Thimphu: Bhutan`s relations with India and how to improve them have dominated the campaigning for the country`s second national elections with the two major political parties contesting the polls asserting unequivocally that bilateral ties cannot be impacted by minor hiccups.
During their four week-long campaigning, the Druk Phuensum Tshogpa (DPT), which ruled Bhutan for five years since the Himalayan nation turned into a democracy in 2008, and opposition People`s Democratic Party (PDP) have tried to impress upon people that concerns like India`s withdrawal of subsidy to kerosene and cooking gas would be resolved once they form the government.
However, both the parties admitted that it is a closely contested fight and who would form Bhutan`s second democratically elected government after tomorrow`s polling is anyone`s guess.
DPT strategist Rigden Tenzin said Indo-Bhutan relations are so strong that it can always withstand minor hiccups and bound to improve further because of historical, cultural, and economic reasons and no one should have any doubt in his or her mind about it.
"It is the opposition PDP which has confused the people by talking about the issue of subsidy to kerosene and cooking gas. If we form the government, the issue will be taken up with New Delhi and resolved amicably," Tenzin, a Delhi School of Economics alumni, told a news agency.
He said India`s decision came when the interim government was in place and his party DPT cannot be blamed for it and the party was telling people this fact.
India has cut off the gas subsidy to Bhutan since a pact with the country had expired on June 30.
India yesterday assured Bhutan that it will not make it "suffer" and will proceed on the issue of gas and kerosene subsidy in "full consultation" with the new government there.
However, New Delhi maintained that "careful accounting" was required to ensure proper usage of the subsidy.
Opposition PDP general secretary Sonam Jatsho expressed confidence that his party has a high chance of forming the next government in Thimphu as people showed their support to the party because of certain policies of outgoing Prime Minister and DPT leader Jigmi Y Thinley.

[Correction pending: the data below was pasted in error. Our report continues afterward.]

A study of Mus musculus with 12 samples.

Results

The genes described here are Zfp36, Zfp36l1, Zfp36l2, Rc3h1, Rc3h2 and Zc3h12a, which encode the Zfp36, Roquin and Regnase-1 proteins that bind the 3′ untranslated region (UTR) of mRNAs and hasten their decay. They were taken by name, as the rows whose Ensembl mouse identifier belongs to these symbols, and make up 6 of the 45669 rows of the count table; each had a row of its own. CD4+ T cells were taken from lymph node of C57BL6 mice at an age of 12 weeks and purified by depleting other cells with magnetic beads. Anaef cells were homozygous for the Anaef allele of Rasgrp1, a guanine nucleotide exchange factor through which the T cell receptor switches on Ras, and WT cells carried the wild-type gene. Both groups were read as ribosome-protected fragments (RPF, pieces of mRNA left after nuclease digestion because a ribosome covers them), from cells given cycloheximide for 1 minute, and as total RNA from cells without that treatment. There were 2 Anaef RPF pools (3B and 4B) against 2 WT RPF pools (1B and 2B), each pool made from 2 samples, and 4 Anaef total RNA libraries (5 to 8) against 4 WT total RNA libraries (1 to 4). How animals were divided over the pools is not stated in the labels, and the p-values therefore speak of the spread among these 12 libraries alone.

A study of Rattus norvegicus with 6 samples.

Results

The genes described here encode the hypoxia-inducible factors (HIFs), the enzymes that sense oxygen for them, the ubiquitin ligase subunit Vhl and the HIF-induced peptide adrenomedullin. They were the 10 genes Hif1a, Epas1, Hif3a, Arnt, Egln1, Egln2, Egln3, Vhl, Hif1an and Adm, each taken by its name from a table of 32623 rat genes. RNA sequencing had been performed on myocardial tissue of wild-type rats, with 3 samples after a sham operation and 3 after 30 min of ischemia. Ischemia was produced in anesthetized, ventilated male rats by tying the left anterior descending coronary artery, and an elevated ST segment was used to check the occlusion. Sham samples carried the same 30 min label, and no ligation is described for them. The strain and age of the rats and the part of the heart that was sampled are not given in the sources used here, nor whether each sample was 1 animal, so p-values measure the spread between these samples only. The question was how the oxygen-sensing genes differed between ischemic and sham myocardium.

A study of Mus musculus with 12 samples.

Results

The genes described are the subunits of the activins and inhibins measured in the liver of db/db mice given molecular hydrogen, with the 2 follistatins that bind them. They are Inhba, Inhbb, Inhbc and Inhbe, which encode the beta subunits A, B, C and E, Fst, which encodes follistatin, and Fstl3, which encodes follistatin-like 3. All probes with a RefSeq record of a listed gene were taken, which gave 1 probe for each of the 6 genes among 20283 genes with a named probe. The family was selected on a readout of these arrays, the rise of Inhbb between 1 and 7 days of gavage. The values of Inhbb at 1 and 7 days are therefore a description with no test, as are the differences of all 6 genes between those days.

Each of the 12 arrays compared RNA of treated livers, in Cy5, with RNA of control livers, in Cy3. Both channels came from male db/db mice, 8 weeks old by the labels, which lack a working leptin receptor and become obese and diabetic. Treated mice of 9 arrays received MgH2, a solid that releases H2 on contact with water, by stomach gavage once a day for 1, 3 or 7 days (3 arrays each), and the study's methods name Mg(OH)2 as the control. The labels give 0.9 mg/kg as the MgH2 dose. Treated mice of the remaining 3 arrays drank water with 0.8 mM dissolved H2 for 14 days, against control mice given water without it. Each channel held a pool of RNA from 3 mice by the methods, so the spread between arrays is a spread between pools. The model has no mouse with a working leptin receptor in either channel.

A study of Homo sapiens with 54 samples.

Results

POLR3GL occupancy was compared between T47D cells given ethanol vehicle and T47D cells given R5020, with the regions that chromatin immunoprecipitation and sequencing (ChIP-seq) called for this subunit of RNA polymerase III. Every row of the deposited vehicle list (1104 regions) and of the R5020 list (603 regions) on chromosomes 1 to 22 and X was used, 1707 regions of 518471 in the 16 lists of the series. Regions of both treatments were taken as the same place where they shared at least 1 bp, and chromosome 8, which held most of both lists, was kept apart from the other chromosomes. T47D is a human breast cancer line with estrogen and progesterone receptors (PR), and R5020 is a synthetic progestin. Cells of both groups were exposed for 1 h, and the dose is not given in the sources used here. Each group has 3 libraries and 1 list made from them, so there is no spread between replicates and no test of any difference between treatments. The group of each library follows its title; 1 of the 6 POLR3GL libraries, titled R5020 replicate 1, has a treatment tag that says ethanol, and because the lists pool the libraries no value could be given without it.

Jatsho said, "Indo-Bhutan relations are so strong that you cannot imagine that it can be harmed due to some minor issues.”
"We are telling people that doubts about Indo-Bhutan relations getting strained are unfounded. The relations only go deeper and strong. But due to certain policies of the last government, people are a little bit shaky. If we form the government, we will resolve all issues," he told the news agency.
Tenzin felt that the India`s decision to withdraw subsidy to kerosene and cooking gas being supplied to Bhutan has more to do with India`s own economy and abrupt hike of international crude oil price rather than anything else.
"You have to see what difficulty Indian`s economy is facing and how the international crude price is going up," he said.
Bhutanese people too feel that their country cannot afford to allow ties with New Delhi to be strained as it has to depend on "elder brother India" on everything.
"We get everything from India. Our essential commodities come from India, our children go to India for study, we go for our treatment, businessmen go for trade. So, how can we afford to allow our relations with our elder brother India to be strained," said Yeshey Dorji, a college teacher.
Sherub Zangmo, a Thimphu resident, said people felt like the elections this time got "tenfold" dirtier than the first election in 2008.
"Party leaders were more focused on beating their opponent and did not hesitate to bring Indo-Bhutan relations in their speech," he said.
Zangmo said that while bringing in Indo-Bhutan relations, parties accused each other of straining the ties and highlighted the sudden removal of subsidies on kerosene and cooking gas.
This quickly took the campaign to a different level altogether, he said.